The costs of globalization in the American heartland and the 2016 presidential election

The costs of globalization in the American heartland and the 2016 presidential election

Clinton’s key sales point to the nation was that corporate America would send low paying jobs abroad and replace them with higher paying jobs and economic security to the dislocated.

The way this would happen? Through education.

"Every worker must receive the education and training he or she needs to reap the rewards of international competition rather than to bear its burdens,” Bill Clinton said,. It was a theme to be repeated often by Fed Chairman Alan Greenspan and over time grew hollow and thread-bare.

The inheritors of that broken promise -- educated or not -- delivered Donald Trump to the White House this week. This is what you get, Trump voters seemed to say to Democrats, for lying to us.

In 2004, a little more than a decade after NAFTA was signed, I attended a meeting of progressive Democratic donors in DC. John Podesta, Bill Clinton's former chief of staff and administration point man on NAFTA with Congress, sat in the front row as Bill Moyers delivered a powerpoint presentation on the hollowing out of the Rust Belt.

Moyers showed slides and video clips of bereft landscapes in the American heartland; of communities and joblessness attributable to NAFTA. By 2004, a crisis triggered by Russian debt had come and gone. The boom had inflated and busted. 9/11, the pot that would cook the housing and financial bubble was on the burner, and George W. Bush had just been re-elected to the White House. Democratic donors had a lot to digest.

In 1992 Bill Clinton claimed the White House with, "It is the economy, stupid." In 2004 Moyers addressed Podesta, who just completed work as Hillary Clinton's top campaign advisor, directly.

NAFTA, in fact, only memorialized what corporate America was pursuing as a matter of free enterprise: chasing maximum profits through supply and demand and the cheapest possible costs. In the decades since NAFTA, the United States -- through both Democratic and Republican Congresses and presidents -- endured the greatest wealth divide in its history. Globalization did not lift all ships.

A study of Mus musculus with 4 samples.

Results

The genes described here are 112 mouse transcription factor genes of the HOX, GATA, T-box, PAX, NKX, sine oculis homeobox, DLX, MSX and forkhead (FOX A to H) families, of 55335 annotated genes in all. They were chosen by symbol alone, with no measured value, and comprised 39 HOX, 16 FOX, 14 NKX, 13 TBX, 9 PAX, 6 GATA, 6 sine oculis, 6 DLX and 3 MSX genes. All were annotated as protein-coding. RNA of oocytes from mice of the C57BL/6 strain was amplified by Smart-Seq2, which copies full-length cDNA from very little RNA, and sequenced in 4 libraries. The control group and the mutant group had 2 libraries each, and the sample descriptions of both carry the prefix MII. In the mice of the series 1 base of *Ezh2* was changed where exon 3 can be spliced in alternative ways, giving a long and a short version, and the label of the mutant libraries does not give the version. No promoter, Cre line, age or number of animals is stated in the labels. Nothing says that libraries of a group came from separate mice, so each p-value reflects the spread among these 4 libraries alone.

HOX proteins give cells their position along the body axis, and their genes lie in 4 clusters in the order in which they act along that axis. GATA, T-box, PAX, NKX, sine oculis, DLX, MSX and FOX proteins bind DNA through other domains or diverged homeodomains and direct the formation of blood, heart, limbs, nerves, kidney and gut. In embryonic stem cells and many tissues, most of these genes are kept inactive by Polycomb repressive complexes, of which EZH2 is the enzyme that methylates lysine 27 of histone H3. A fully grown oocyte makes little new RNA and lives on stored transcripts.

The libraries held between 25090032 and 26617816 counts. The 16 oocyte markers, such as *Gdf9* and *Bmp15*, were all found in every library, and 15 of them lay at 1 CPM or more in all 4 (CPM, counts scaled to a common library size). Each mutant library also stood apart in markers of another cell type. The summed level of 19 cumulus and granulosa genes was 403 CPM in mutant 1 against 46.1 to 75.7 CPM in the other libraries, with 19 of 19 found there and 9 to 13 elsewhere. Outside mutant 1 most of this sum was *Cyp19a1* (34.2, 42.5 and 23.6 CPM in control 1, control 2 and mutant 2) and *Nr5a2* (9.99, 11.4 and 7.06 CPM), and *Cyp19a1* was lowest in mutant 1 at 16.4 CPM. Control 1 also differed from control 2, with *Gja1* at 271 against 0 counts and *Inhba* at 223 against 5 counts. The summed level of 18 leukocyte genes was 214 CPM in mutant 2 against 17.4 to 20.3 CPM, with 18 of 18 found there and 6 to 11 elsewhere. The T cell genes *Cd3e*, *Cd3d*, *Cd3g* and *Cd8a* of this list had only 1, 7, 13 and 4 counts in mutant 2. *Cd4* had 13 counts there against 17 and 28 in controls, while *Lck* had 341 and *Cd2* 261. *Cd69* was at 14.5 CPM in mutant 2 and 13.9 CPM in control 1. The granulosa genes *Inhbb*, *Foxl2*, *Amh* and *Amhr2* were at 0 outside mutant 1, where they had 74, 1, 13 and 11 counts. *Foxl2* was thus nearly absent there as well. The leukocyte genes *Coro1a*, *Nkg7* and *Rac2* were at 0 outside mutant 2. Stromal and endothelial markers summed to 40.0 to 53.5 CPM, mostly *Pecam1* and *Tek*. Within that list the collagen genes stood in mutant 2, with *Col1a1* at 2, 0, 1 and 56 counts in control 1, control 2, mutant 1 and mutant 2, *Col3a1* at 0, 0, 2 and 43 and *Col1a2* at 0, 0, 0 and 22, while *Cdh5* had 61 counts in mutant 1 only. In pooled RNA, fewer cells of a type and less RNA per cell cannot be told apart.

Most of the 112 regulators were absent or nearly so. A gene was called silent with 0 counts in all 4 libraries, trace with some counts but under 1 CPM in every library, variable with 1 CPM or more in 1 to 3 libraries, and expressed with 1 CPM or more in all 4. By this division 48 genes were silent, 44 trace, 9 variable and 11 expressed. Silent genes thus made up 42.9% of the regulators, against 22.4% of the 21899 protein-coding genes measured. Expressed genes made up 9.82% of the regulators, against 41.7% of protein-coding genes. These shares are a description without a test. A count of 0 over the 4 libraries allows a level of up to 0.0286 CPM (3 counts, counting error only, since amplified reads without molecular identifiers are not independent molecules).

What about education, the panacea for the new American economy? During these decades, public education has been treated as a piñata, pure and simple, by the majority party in Congress and the states: the GOP.

NAFTA was bitterly opposed by the nation's unions whose membership rolls have been crushed in the past twenty years. Unions are another piñata of the GOP and its corporate funders.

This week, many former union members in the heartland and family members once protected by unions voted for Donald Trump. It didn't escape their attention -- because Trump hammered it home -- that while their grip on the middle class slipped, the Clintons became centi-millionaires, hobnobbing with the world elites and the Davos crowd while they stewed in Scranton, Detroit, Akron, Milwaukee and a thousand other cratered places.

Not to put too fine a point: the Bush political dynasty is also a money machine and did very little to protect jobs in the Rust Belt. In 2016, red state Republican voters sent their message about the GOP establishment loud and clear, when they boosted Donald Trump over the rest.

Resentments burn white hot and straight through common sense. Bill Moyers, a witness to history as a top staff person in the Lyndon Johnson White House, is a humanist who -- in that 2004 presentation -- pointed out that Democrats had to answer for the problems of globalization in the American heartland. In the 2016 presidential election, Democrats paid the price.

Can president-elect Trump bring back manufacturing jobs and job security to traumatized rural, middle America and decrepit, rusting cities? "Make America Great Again"? "Drain the swamp" of Washington, DC?

In little more than two months, president-elect Trump will be filling thousands of political appointments in the federal government. Where can he turn, to help do that work except to the conspiracy theorists, internet trolls and crack-pots he enlisted to fire up suspicion, hatred and popular resentments, or, to the GOP establishment he railed against?

Trump is not a student of politics or economics. To the extent he has informed advisors, they are from the GOP think tanks -- funded by the Koch Brothers -- that supported policies leading to the great wealth divide in the first place.

Credit Trump, though, for finding the taproot of white anger in rural America at being left behind. It is a paradoxical achievement because in his own life, Trump has nothing in common with America's dispossessed except a story line.

But let's be straightforward: globalization and technological advances eliminating human jobs is a genie that can't be put back into its bottle. Unless, of course, the planet burns up with war, famine and global warming.

In that case, no one will care about bottles, boxes or the packaging of economic expansion. We will be living a version of "The Hunger Games", lead by entertainers who know how to create popular diversions, who present themselves like the man who lived high above the elites in a tower, in a germ-free atmosphere surrounded by marble, glass, and the trappings of empire, helicopters and big private jets, and only came to earth for photo-ops in the White House.